America’s epidemic of mass shootings continued apace on Tuesday with the harrowing attack on the New York City subway, in which a gunman wounded at least 10 people, and numerous other commuters were injured and thrown into terrifying chaos. The alleged shooter, 62-year-old Frank R. James, was arrested on Wednesday afternoon in lower Manhattan by the NYPD, which stated in a press conference that he had a long criminal record in New York and elsewhere.

The case adds to an increasingly tense national picture of gun violence mixing with political and cultural rage. Videos that James appeared to have posted recently on YouTube—some of which I examined and have since been removed by the platform—included bitter diatribes filled with racial and political grievance, violent misogyny, and justifications about a mass shooting in early April in Sacramento.

Recently, I reported on how political polarization in America has been stewing with pandemic stresses and record gun sales to fuel rising danger. After a lull in the initial year of the pandemic in 2020, keeping up with the mass shootings beat has been challenging lately, to say the least. This morning, I published a new investigation into the massacre last fall at Oxford High School in Michigan: The circumstances and context of that attack are particularly stark—but you may be surprised to hear that I also have some hopeful news amid the broader story of America’s mass shootings.

My latest reporting on the Oxford High case focuses on how it could have been prevented through the growing method of behavioral threat assessment, the subject of my new book,Trigger Points: Inside the Mission to Stop Mass Shootings in America. Experts in mental health and law enforcement, along with community-based teams specializing in this work throughout the country, continue to learn a great deal about how to thwart mass shootings effectively. The behaviors and circumstances leading up to these planned attacks—and they are indeed planned, from schools and subways to movie theaters and office buildings—offer opportunities to intervene before it’s too late, as I detail further in today’s story about the Oxford High case.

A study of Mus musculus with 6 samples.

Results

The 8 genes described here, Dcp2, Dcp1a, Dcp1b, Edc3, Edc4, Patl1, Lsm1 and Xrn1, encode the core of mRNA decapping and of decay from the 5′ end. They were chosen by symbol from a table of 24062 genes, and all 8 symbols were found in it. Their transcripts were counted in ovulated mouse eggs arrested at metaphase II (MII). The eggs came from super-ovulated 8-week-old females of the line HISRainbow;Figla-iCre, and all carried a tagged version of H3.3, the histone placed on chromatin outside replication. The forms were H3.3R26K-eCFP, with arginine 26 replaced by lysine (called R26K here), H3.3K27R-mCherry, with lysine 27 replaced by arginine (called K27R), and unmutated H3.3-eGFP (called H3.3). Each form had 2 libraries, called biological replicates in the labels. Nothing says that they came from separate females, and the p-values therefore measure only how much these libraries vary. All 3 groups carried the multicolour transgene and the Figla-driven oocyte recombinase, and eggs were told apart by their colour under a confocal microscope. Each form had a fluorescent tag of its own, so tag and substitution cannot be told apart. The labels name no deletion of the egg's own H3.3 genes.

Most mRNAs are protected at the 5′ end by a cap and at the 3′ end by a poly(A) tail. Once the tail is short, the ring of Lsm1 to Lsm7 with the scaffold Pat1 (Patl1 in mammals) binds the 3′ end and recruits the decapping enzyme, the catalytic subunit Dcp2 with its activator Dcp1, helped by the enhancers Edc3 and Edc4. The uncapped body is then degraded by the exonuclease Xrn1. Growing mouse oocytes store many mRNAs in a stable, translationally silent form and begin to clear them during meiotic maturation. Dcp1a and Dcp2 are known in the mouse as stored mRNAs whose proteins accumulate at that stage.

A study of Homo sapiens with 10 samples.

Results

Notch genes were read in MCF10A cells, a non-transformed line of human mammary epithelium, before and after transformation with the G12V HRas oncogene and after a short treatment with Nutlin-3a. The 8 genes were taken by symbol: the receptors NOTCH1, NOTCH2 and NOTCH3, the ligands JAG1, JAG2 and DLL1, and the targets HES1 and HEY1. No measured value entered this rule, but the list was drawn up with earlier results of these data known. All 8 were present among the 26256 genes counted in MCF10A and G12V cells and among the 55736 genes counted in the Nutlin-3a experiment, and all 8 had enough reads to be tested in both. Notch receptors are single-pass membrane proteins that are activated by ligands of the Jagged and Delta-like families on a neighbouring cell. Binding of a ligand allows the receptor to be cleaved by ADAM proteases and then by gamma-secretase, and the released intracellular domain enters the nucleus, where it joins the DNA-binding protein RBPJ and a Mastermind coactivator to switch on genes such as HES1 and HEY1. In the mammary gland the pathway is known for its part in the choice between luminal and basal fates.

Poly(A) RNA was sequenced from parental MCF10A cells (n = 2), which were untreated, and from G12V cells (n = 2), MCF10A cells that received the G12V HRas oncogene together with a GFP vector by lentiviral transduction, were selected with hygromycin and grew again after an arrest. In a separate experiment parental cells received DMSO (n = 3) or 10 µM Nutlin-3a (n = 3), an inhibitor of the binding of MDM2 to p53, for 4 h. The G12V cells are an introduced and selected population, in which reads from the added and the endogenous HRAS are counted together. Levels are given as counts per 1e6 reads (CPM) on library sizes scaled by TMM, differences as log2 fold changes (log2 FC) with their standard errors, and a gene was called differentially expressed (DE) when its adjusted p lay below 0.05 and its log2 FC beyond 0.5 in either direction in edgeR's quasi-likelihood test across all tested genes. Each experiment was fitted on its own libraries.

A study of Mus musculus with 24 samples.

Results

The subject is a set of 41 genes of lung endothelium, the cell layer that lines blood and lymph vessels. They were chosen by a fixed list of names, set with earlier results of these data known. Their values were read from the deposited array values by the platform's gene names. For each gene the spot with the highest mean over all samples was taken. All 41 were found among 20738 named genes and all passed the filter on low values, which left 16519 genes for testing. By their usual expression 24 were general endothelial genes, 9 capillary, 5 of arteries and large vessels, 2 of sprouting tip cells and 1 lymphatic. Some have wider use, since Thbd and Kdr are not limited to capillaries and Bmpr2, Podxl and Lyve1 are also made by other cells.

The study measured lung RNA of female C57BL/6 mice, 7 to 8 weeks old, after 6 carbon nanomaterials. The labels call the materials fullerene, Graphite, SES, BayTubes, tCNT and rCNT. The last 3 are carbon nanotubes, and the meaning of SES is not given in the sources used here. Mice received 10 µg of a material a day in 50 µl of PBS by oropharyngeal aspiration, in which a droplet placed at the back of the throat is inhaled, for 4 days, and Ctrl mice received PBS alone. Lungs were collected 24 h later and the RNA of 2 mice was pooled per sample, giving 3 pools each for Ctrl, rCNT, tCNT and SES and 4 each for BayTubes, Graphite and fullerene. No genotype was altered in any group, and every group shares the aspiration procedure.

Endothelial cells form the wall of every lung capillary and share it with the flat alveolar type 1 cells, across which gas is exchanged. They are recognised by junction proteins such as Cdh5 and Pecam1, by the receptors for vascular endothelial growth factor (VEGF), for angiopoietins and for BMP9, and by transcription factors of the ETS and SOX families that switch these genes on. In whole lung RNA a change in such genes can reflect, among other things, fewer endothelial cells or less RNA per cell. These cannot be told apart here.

The common theme so often heard in media coverage of mass shootings about perpetrators just “snapping,” as if these are impulsive crimes, is misleading and wrong. That’s one of the big myths about mass shooters that we continue to repeat as these tragedies occur over and over. There is also no such thing as a predictive “profile”: Mass shooters arise from a wide range of backgrounds and circumstances. Nor is mental illness a primary cause in most cases, contrary to popular belief.

The better we begin to really understand the reality of these cases, the more we can do to stop the next ones from happening. That’s the story I tell in my further reporting on the Oxford High tragedy, and in much greater depth in Trigger Points. The scope of this problem goes beyond the vast quantity of loosely regulated firearms in America. That is, of course, an issue at the core of this scourge and the other forms of more common gun violence throughout the country, and must continue to be a focus of systemic change. But additional investment in prevention, including the method of behavioral threat assessment, can also help improve our nation’s prospects for solving this complex and distressing problem.